Counting the Unknown Victims of Political Violence: The Work of the Human Rights Data Analysis Group

Counting the Unknown Victims of Political Violence: The Work of the Human Rights Data Analysis Group

Ann Harrison (Benetech Human Rights Data Analysis Group, USA)
DOI: 10.4018/978-1-4666-6433-3.ch032

The Benetech Human Rights Data Analysis Group (HRDAG) (http://www.hrdag.org/) analyzes the patterns and magnitude of large-scale human rights violations. Together with local partners, HRDAG collects and preserves human rights data and helps NGOs and other human rights organizations accurately interpret quantitative findings. HRDAG statisticians, programmers, and data analysts develop methodologies to determine how many of those killed and disappeared have never been accounted for - and who is most responsible. This account illustrates how HRDAG pioneered the calculation of scientifically sound statistics about political violence from multiple data sources including the testimony of witnesses who come forward to tell their stories. It describes methodologies that HRDAG analysts have developed to ensure that statistical human rights claims are transparently, demonstrably, and undeniably true.

We see their pictures in news reports from conflict zones around the world. Frightened people, forced out of their homes, abducted, imprisoned, abused and sometimes killed by assailants who assume they will never be held accountable for their actions. Stories of mass human rights violations stir our moral outrage. We feel compelled to act, to document the violence. How many atrocities have been committed? How many displaced into refugee camps? How many people have simply disappeared?

Data gathering is the cornerstone of human rights efforts. Information about the scope and patterns of violence is needed to support legal action, political sanctions, and humanitarian intervention. Yet this vital information is often clouded by biases or inaccurate data collection. These errors produce more than a distorted view of the facts. Inflated claims or false accounts that exclude key events can embolden critics and undermine well-intentioned efforts to prosecute perpetrators.

Consider the case of Kosovo. In March 1999, NATO allies launched air strikes against the Yugoslav army based on information from the U.S. State Department that 100,000 Kosovo Albanians were missing and feared dead. Members of the UN Security Council backed this decision arguing that the number of deaths justified action to halt further atrocities. After the bombing campaign and subsequent invasion of Kosovo by NATO, it was found that Yugoslav forces were responsible for about 10,000 deaths. Opponents of the action seized on the ten-fold inflation of possible deaths to dispute that mass violations occurred. Was there sufficient violence to justify war on humanitarian grounds? Do the numbers matter?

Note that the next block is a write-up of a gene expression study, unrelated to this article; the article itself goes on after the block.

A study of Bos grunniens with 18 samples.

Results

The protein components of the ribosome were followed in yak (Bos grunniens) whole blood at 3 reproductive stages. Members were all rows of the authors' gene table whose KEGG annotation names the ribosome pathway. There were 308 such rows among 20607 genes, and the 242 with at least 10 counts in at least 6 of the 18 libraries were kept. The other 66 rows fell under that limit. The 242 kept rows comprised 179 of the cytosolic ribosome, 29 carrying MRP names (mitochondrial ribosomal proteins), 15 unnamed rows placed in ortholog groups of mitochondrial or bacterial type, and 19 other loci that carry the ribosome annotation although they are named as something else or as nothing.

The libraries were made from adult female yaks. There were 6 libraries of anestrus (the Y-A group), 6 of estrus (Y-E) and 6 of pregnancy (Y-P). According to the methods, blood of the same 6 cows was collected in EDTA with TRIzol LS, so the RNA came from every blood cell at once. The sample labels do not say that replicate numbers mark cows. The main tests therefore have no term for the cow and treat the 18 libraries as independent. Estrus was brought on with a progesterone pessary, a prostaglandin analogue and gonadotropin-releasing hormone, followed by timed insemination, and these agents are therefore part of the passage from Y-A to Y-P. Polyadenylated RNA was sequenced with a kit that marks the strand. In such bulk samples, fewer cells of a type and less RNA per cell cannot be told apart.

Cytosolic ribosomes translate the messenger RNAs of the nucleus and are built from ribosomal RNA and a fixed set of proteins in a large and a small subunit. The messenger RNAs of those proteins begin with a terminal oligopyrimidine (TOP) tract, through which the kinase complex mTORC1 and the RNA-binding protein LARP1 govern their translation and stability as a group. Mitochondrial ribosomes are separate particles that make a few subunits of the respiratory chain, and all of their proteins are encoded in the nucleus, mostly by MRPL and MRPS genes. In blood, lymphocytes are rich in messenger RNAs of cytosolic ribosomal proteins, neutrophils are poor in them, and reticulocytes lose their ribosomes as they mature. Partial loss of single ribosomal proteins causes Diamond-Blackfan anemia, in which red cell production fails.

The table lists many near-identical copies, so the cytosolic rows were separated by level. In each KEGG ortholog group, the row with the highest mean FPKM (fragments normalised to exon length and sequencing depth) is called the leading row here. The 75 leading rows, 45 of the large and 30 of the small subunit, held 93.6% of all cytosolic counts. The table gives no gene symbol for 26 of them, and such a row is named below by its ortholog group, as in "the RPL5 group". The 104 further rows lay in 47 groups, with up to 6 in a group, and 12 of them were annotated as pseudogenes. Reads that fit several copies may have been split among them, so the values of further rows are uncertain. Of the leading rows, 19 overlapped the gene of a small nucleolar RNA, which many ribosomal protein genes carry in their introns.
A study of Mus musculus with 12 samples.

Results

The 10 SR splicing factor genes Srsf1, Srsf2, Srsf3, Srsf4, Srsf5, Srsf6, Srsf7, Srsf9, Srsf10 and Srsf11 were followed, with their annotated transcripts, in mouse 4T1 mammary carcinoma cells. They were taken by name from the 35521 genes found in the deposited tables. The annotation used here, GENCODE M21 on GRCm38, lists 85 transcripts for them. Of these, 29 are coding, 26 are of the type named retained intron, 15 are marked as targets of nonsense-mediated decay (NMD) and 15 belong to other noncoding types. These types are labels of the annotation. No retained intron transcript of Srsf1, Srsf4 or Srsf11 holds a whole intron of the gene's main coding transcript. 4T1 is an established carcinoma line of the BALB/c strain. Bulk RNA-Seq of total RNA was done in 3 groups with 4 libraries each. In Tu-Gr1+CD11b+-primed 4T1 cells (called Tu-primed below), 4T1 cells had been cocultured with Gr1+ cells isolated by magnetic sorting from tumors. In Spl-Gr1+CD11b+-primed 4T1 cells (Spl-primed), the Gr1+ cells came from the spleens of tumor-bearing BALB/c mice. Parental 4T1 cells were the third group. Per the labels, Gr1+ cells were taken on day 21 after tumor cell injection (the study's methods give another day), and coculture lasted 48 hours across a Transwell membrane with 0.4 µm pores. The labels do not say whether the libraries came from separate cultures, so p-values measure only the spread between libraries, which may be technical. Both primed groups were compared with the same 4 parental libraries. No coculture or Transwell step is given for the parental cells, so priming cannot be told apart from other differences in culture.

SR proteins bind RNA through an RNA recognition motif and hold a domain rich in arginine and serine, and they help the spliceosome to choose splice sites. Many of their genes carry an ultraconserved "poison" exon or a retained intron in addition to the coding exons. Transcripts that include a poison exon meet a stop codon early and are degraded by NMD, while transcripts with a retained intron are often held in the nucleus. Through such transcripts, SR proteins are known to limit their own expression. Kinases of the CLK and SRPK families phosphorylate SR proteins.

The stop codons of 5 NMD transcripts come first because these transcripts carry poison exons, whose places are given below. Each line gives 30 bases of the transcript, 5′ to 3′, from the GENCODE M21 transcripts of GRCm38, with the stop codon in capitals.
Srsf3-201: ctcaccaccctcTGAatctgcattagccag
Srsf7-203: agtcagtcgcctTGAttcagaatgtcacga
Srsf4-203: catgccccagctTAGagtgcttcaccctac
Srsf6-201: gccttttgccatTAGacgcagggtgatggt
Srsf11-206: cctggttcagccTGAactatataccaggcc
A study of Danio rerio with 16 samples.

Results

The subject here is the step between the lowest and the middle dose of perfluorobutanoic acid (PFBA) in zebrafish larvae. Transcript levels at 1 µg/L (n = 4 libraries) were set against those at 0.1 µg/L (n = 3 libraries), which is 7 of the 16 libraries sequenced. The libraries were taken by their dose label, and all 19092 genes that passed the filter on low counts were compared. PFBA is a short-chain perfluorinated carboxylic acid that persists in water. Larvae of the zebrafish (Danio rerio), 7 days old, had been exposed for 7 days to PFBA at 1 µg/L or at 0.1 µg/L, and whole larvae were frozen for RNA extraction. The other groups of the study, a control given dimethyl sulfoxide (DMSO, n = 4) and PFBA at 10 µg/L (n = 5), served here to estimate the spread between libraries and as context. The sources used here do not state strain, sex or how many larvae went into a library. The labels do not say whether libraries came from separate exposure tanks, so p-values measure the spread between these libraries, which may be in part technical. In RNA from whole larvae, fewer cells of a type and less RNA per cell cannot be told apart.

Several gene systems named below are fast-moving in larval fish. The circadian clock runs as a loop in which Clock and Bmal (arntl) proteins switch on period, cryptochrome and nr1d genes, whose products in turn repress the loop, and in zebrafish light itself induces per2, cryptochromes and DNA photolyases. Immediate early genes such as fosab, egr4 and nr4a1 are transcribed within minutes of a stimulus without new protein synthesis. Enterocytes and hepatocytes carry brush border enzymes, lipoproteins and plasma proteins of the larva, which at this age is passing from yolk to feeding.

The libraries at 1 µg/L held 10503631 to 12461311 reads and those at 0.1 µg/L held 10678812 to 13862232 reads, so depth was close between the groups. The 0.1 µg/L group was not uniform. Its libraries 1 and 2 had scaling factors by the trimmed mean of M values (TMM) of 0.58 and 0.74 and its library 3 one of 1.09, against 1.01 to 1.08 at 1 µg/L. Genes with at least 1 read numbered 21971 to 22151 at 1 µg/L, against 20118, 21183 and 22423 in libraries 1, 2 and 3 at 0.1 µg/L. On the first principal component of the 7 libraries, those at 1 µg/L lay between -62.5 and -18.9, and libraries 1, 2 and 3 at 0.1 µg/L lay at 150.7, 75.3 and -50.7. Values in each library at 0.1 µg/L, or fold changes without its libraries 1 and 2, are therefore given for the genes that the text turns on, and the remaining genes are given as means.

In an effort to defend the accuracy of human rights data – and account for mass atrocities witnessed by thousands or tens of thousands of people - truth commissions and other groups have turned to scientists to clarify history. Since 1991, members of the Human Rights Data Analysis Group (HRDAG) have developed relational data bases and statistical techniques to analyze not only how many victims and violations have been documented during a conflict – but also how many of the killed and disappeared have never been accounted for. HRDAG helps NGOs and human rights organizations accurately interpret quantitative findings that support historical clarification and the prosecution of perpetrators.

The HRDAG team currently includes two dozen statisticians, programmers, demographers and data analysts who passionately believe that scientific arguments can help clarify the past and end impunity. HRDAG is part of the Human Rights Program at Benetech, a nonprofit technology organization based in Palo Alto, California. The HRDAG team is led by Dr. Patrick Ball, a statistician who has worked with dozens of human rights organizations to build databases that provide a quantitative understanding of human rights violations. HRDAG investigators focus on large-scale violations of civil and political rights. They have pioneered scientific methods for collecting and interpreting information about state-sanctioned violence that can be used to identify those responsible. The scientists of HRDAG have been called on to help clarify patterns of violence under difficult conditions in some of the world’s most troubled nations. Over the past twenty years, HRDAG investigators have analyzed human rights data for official truth commissions in South Africa, Haiti, Guatemala, Perú, Ghana, Sierra Leone, Timor-Leste and Liberia. They provided critical information to the International Criminal Tribunal for the Former Yugoslavia that was used to prosecute former Serbian president Slobodan Milošević for crimes committed in Kosovo. (Ball, Asher, 2002) In 2010, HRDAG analysis of the Guatemalan National Police Archive was used to support the successful prosecution of two former Guatemalan police officers for the 1984 disappearance of a labor activist - one of the few examples of accountability in that troubled country. HRDAG has also analyzed information about human rights violations for the International Criminal Court and United Nations Field Missions in Timor-Leste, Guatemala, and the Democratic Republic of Congo, as well as numerous non-governmental human rights groups.